If you are suspected of committing a criminal act, it’s often the state in which the act was committed that brings charges against you. The same can be true of many charges stemming from gun laws. However, in some instances, crimes involving guns can be considered a federal offense, which means the case goes before the federal court. It can also mean the offender, if found guilty, faces larger fines or lengthier prison sentences, or both.

When does a gun charge become a federal offense?

Many federal gun charges arise from manufacturing or distributing guns illegally over state lines, or from another country into the state. The law covers federal gun statutes thoroughly under 18 U.S.C. §922, and punishments for these crimes under 18 U.S.C. §924. A general rule to keep in mind is that anyone who is not a licensed gun manufacturer, dealer, or importer may not manufacture, import, export, or receive guns. Additionally, anyone who steals a gun or receives a stolen gun may be charged with a federal offense.

Licensed manufacturers are not allowed to manufacture certain guns, such as sawed-off shotguns or rifles, semi-automatic weapons, or silencers. All guns that are manufactured must contain clearly visible serial numbers. A person in possession of any of these gun types can also receive federal charges.

There are also federal regulations regarding what persons may not possess a gun and transfer it across state lines, even if they attempt to go through a legal outlet to receive the weapon. According to 18 U.S.C. 922(g), those who fall under this law are:

  • Convicted felons, and anyone awaiting a trial for a felony charge;
  • Drug addicts or drug users (there are certain preconditions that are used to determine a person is using drugs);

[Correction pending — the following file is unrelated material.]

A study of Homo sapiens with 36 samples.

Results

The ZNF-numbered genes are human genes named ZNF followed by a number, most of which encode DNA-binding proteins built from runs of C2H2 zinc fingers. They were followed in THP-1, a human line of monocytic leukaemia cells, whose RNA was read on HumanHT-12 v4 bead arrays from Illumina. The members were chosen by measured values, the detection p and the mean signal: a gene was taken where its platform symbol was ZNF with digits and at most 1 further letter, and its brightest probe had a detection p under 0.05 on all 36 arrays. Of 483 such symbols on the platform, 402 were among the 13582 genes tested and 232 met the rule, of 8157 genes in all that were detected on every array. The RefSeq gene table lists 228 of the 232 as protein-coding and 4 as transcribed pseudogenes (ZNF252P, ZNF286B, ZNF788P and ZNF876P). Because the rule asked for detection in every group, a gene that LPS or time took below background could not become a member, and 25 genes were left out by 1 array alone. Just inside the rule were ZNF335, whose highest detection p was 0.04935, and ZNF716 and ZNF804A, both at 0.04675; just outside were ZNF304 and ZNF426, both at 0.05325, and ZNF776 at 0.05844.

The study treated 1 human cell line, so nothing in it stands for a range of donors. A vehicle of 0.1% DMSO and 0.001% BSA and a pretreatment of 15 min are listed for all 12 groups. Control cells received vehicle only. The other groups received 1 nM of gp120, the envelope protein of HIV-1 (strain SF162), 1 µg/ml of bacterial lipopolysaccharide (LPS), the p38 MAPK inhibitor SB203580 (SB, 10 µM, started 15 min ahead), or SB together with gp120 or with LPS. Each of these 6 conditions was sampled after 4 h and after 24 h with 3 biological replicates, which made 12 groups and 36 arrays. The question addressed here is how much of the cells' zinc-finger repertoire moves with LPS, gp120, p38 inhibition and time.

• Aliens who are either in the country illegally or who do not have permanent residence in the United States;
  • Persons with a prior domestic assault conviction, or persons who have received a restraining order pertaining to domestic assault;
  • Persons who were dishonorably discharged from the military;
  • Persons who have been adjudicated mentally ill (or reside in a facility for the mentally ill);
  • Persons who are considered fugitives from justice.

The Armed Career Criminal Act (ACCA)

Section 924(e) of the federal code is also referred to as the Armed Career Criminal Act (ACCA). It sets the minimum sentencing guidelines for individuals convicted of unlawful gun possession who have had three previous violent felonies or serious drug charges. This section also provides definitions for serious drug charges and violent felonies. Under ACCA, offenders with three prior violent felonies and/or serious drug charges will receive a mandatory minimum 15-year prison sentence.

Charges for Murder and Manslaughter

Anyone who causes the death of another person through the use of a gun will receive time in prison. The cause of death can be either ruled as murder, voluntary manslaughter or involuntary manslaughter. Involuntary manslaughter charges will carry a prison term of up to eight years while voluntary manslaughter will carry a term of up to 15 years. Murder charges can be murder in the first degree or murder in the second degree. Murder in the second-degree charges can carry a prison term of any number of years, or life in prison. Murder in the first degree is punishable by death or life in prison.

Federal gun charges are extremely serious and can result in very grim circumstances. That’s why it’s best for you to find a thoughtful and skilled criminal defense team that will work hard to achieve the best possible outcome for your case. Call the Columbus criminal defense lawyers at Luftman, Heck, and Associates at today to set up a free consultation on your case.

Facing federal criminal charges? Contact us.

If you have been charged with a federal crime, you’re probably wondering what your options are. The Ohio federal criminal defense lawyers at Luftman, Heck & Associates have years of experience handling these types of cases and winning optimal outcomes for our clients. Call Ohio federal crime lawyer Chase Mallory today for a free consultation. To contact him or another criminal defense attorney, call us at or email us via advice@columbuscriminalattorney.com.